Orienteering is a sport that focuses navigational skills. Competitors find their way from point to point in diverse, and usually unfamiliar, terrain. Participants are given a map, usually prepared specially for orienteering purposes, and they use it to locate control points. Originally a training exercise in land navigation for military officers, orienteering has developed many variations.
This year's Uncle Dusko Jovanovic Memorial drew 300 contestants. They included seasoned orienteers as well as toddlers who have only just started walking.
Jelena Radovic, 85, has participated in all 29 memorials. Despite her age, she is not satisfied with merely finishing the race. She is in it to win.
"You have to go through all the numbers on the map," one contestant explained. "The most important thing is to determine your location, after that it's easy if you don't get lost."
"If you start panicking and running in circles, it's over. The most important thing is not to be in a hurry."
But the fastest did hurry. Romanian Ionut Zinca, winner of many world orienteering competitions, told SETimes that the memorial contest was one of the best and most beautiful in the region. "The event is very well-organised, as are the maps we use during the contest, and that is very important. I have been taking part in the memorial for the last three years and I would highly recommend this event," Zinca said.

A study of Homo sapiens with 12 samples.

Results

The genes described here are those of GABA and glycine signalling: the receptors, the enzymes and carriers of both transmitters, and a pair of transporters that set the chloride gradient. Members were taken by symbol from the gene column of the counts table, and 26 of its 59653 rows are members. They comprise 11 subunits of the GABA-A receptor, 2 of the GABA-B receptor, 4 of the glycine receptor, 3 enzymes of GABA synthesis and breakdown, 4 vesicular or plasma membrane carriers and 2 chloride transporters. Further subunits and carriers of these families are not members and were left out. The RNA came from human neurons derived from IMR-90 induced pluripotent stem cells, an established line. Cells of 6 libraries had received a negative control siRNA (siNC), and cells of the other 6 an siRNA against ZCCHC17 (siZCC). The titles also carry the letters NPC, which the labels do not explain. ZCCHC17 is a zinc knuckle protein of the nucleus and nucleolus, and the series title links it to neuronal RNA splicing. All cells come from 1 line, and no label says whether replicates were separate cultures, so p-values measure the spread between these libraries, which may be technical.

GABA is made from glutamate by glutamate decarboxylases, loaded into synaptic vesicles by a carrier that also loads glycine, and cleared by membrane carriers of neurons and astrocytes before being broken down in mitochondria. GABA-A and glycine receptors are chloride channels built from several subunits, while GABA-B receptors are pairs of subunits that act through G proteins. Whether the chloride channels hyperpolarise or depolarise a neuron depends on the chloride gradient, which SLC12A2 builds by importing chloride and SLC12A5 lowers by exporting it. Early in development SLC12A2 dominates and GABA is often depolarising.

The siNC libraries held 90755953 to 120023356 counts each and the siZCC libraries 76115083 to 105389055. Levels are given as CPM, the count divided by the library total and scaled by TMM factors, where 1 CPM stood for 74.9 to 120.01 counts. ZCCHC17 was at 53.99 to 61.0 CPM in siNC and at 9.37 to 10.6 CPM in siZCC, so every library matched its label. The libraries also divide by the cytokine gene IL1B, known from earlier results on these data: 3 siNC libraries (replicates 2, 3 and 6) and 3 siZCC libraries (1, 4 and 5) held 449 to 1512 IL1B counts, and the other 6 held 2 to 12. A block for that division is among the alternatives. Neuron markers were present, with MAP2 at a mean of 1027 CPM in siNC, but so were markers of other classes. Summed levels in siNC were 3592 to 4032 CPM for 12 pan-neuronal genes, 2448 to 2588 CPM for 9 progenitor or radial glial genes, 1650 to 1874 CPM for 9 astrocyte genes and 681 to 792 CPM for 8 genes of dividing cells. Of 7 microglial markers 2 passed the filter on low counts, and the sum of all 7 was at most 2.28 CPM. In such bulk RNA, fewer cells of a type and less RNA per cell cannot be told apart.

The Mobil-O race attracted a lot of attention. On the first day of competition, participants drove from the village of Barzilovice to the nearby town of Ljig. A couples' race was then held, in which participants guided their partners by mobile phones and maps through a terrain completely different from the one they saw the previous day.
Competitors ran through the wet streets of the small town, drawing attention from pedestrians unused to such sights.
As onlookers watched, the unusual group of athletes ran through the streets on a Sunday afternoon, talking on mobile phones, jumping and peeking behind buildings, sprinting as if they had gone berserk, spinning in circles.
Participants and onlookers alike were in high spirits as the first day of the memorial drew to a close.
Rain poured down through the night before the second day of the competition. Puddles and mud were everywhere -- there was so much water on the branches and leaves of the trees and bushes that contestants came out of the forests looking as if someone had hosed them.
There was still enthusiasm in abundance. "I love running in the rain. Rain cools me down, I lose less fluid and can keep the pace up for longer," one club member said.
As a grand finale, the sun broke through the cover of clouds, wrapping up the memorial in the best possible way.